New York Public Library
Gansevoort/Lansing Collection
Abraham Y. Lansing Esquire.

Dear Ger

I have deferred answering your letter of the 20th January until Mr. Marlins business was so far accomplished as to enable me to send down the money, which was effected on the 30th, but not having a direct and safe opportunity before, this I did not think of so much importance that the money should be sent, as to warrany any risk in the conveyance. At bottom you will find a copy of the Receipt I gave to Martin, he wishes to have a Deed sent up as soon as possible and will secure the future payments by a mortage on the Lot, together with usual Bond.

Sunday last was both a gloomy and a joyful Day to myself and family. The suspense which the account of the capture of the president Frigate occasioned as it regarded the fate of our dear Antill was so painful to us all, that you can better conceived than I described the gloomy dependency, which pervaded my family, but heavy in mercy sent us unlook'd for relief for at nine OClock at night we had a letter by the Mail from Antill himself, dated at Sea on board the xx

...then was gratitude and joy, and we must be forgiven if we had not patriotism enough about us to think any more of the national loss than if one of Mr. Jefferson's Gun Boats has gone to the bottom of the Ocean without a Man in her. We even, for a moment, forgot that our poor Boy was a prisoner of War, although he emphatically mentions that circumstance in his Letter, yet no part of it indicates a depression of spirits, indeed I think, I may without making the customary allowances for the partiality of a parent, say that he evinces a manly firmness far beyond what might in similar circumstances be expected from a Boy of his Age. How he will be disposed of when the Frigate arrives at Bermuda I cannot say and hope that Commodore Decatur will have influence enough with the British (by whom we have reason to suppose him to be respected) to obtain a Cartel to bring home himself and crew on Parole.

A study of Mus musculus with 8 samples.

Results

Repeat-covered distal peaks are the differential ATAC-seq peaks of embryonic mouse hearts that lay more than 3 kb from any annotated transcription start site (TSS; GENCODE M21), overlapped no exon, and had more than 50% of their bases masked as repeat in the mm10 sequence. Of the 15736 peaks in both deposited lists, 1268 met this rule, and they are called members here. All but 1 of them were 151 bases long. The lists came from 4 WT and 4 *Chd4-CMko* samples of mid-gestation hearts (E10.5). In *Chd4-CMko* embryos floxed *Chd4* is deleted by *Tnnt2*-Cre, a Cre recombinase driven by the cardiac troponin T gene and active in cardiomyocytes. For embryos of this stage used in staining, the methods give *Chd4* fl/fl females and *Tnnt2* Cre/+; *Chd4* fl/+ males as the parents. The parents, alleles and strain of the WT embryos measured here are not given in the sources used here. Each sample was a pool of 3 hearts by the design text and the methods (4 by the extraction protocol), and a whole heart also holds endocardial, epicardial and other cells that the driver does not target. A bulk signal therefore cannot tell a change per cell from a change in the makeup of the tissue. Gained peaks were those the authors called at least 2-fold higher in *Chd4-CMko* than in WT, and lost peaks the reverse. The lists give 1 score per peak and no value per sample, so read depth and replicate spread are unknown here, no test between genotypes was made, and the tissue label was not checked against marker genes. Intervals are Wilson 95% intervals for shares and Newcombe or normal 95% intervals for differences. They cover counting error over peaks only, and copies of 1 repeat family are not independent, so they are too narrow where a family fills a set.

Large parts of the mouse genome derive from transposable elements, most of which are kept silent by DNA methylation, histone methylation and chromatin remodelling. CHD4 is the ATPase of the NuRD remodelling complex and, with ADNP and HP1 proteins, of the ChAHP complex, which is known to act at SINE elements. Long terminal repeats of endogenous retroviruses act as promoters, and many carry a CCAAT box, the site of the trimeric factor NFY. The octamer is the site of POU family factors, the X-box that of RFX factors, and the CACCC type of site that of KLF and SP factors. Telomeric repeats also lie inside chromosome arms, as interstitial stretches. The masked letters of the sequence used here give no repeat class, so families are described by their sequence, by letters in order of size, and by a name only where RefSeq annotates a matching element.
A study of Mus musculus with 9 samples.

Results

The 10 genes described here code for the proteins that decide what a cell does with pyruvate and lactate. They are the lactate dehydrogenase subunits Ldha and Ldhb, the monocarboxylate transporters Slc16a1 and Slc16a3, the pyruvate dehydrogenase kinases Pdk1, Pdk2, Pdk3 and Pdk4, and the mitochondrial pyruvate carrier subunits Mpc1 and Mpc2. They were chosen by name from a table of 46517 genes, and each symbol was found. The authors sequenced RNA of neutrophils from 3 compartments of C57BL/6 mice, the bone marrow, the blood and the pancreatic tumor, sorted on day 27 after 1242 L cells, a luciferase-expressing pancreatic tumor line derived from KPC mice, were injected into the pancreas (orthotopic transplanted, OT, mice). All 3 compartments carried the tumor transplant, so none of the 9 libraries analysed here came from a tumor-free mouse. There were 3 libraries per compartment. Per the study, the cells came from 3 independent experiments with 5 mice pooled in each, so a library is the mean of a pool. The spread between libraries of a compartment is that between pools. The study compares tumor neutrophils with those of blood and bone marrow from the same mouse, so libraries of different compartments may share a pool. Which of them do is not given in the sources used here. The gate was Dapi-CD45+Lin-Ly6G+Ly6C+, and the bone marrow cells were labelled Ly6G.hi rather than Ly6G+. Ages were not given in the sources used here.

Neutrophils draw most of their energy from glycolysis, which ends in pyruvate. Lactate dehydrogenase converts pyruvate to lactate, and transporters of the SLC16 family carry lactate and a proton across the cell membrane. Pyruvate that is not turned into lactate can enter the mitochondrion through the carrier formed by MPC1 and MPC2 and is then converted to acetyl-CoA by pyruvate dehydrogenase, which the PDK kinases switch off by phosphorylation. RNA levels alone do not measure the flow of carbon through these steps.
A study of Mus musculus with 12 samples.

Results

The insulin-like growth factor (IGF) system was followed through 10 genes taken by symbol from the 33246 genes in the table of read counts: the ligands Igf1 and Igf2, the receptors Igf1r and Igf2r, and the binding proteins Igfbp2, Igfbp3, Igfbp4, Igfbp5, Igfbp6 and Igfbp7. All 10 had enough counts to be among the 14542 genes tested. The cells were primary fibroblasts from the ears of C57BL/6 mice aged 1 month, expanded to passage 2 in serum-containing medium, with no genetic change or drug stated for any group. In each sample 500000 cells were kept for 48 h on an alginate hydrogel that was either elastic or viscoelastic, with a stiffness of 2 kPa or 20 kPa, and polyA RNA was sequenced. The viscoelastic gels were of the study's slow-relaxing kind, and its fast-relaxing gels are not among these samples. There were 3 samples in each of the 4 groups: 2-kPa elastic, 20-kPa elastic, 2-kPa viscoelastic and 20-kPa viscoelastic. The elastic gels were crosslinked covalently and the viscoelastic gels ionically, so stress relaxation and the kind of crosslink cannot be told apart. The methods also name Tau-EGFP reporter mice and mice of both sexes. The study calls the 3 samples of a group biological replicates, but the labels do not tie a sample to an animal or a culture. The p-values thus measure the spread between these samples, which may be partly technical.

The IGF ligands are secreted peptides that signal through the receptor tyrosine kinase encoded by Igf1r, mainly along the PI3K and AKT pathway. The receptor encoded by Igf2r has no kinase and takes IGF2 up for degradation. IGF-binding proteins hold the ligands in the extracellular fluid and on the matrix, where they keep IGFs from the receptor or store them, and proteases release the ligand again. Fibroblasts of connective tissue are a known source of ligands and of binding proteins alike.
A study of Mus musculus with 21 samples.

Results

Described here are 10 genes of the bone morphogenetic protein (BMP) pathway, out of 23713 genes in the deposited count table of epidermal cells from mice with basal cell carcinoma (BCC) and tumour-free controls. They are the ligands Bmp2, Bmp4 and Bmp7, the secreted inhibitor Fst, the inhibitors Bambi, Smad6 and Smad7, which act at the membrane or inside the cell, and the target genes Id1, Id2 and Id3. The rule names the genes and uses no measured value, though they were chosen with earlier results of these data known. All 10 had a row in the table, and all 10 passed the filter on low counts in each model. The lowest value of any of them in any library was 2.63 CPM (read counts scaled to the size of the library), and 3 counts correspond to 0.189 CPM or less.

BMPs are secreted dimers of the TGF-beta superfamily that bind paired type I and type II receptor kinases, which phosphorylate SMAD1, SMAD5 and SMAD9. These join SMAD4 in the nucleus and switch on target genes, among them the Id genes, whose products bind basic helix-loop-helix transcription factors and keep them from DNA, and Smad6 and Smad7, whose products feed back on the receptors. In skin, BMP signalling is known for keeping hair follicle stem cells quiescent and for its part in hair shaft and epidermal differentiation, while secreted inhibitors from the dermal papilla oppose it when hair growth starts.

The following is a Copy of the receipt above alluded to Viz:

"Received 30: 1815 of Calvin Martin Eight hundred & Fifty Dollars, which I am to pay to Abraham G. Lansing Esq. Albany, it being the first payment on the purchase of Lot Number Seven in the Subdivision of Lot Number five in the fourth Allotment of the Oriskany Patent, the property of said Abraham G. Lansing and which said Lot Number Seven the aforesaid Calvin Martin has agreed to purchase at and after the rate of Twenty Dollars pr Acre and making payment therefor in the following manner, to wit, Eight hundred and Fifty Dollars (the sum mentioned) down, Six Hundred and Fifty Dollars together with the Interest on the whole sum remaining due in One Year from the date hereof, and the residue in Annual payments of xx Hundred Dollars as near as may be, together with the Interest on the whole Sum remaining due in each Year until the whole is paid"

I have thus to word the receipt because I did not exactly know the Number of Acres in the Lot and have only to add that I think the sale so good that I would not hesitate to sell all my property here on the same erms that is taking the relative value into consideration.

Remember me with affection to your Helen, to Your Father and Mother, if you write to them, & best wishes to all our Friends.

Yours truly

G.G. Lansing

The Capture of the U.S.S. President:
His Britannic Majesty`s ship Endymion, at Sea, Jan. 18, 1815. SIR, The painful duty of detailing to you the particular causes which preceded and led to the capture of the late United States frigate President, by a squadron of His Britannic Majesty`s ships (Majestic (razee), Endymion, Pomone, Tenedos, and Dispatch brig.) has devolved upon me. In my communication of the 14th, I made known to you my intention to sail on that evening...

Commodore Stephen Decatur, USN, (1779-1820)
The strong British blockade kept Decatur in port for most of the rest of the War of 1812, but he was able to break out of New York in the frigate President on 15 January 1815. Captain Decatur was wounded when his ship was captured the next day by a superior enemy force, but he soon recovered and was given command of a powerful squadron.

Stephen Decatur
In January 1815, while in command of the frigate President, he encountered a squadron of British ships. He defeated one of them, the Endymion, but after losing a large part of his crew was forced to surrender to the British commander of the squadron.

War of 1812:
1815. January 16.--The frigate President, Captain Decatur, was captured by a British squadron. She had sailed on that day from New York, in leaving which port, she grounded on a bar, by a mistake of the pilot, and was considerably injured. The Endymion, one of the British squadron was engaged by the President, and silenced before her final capture. The President lost 24 killed, 65 wounded.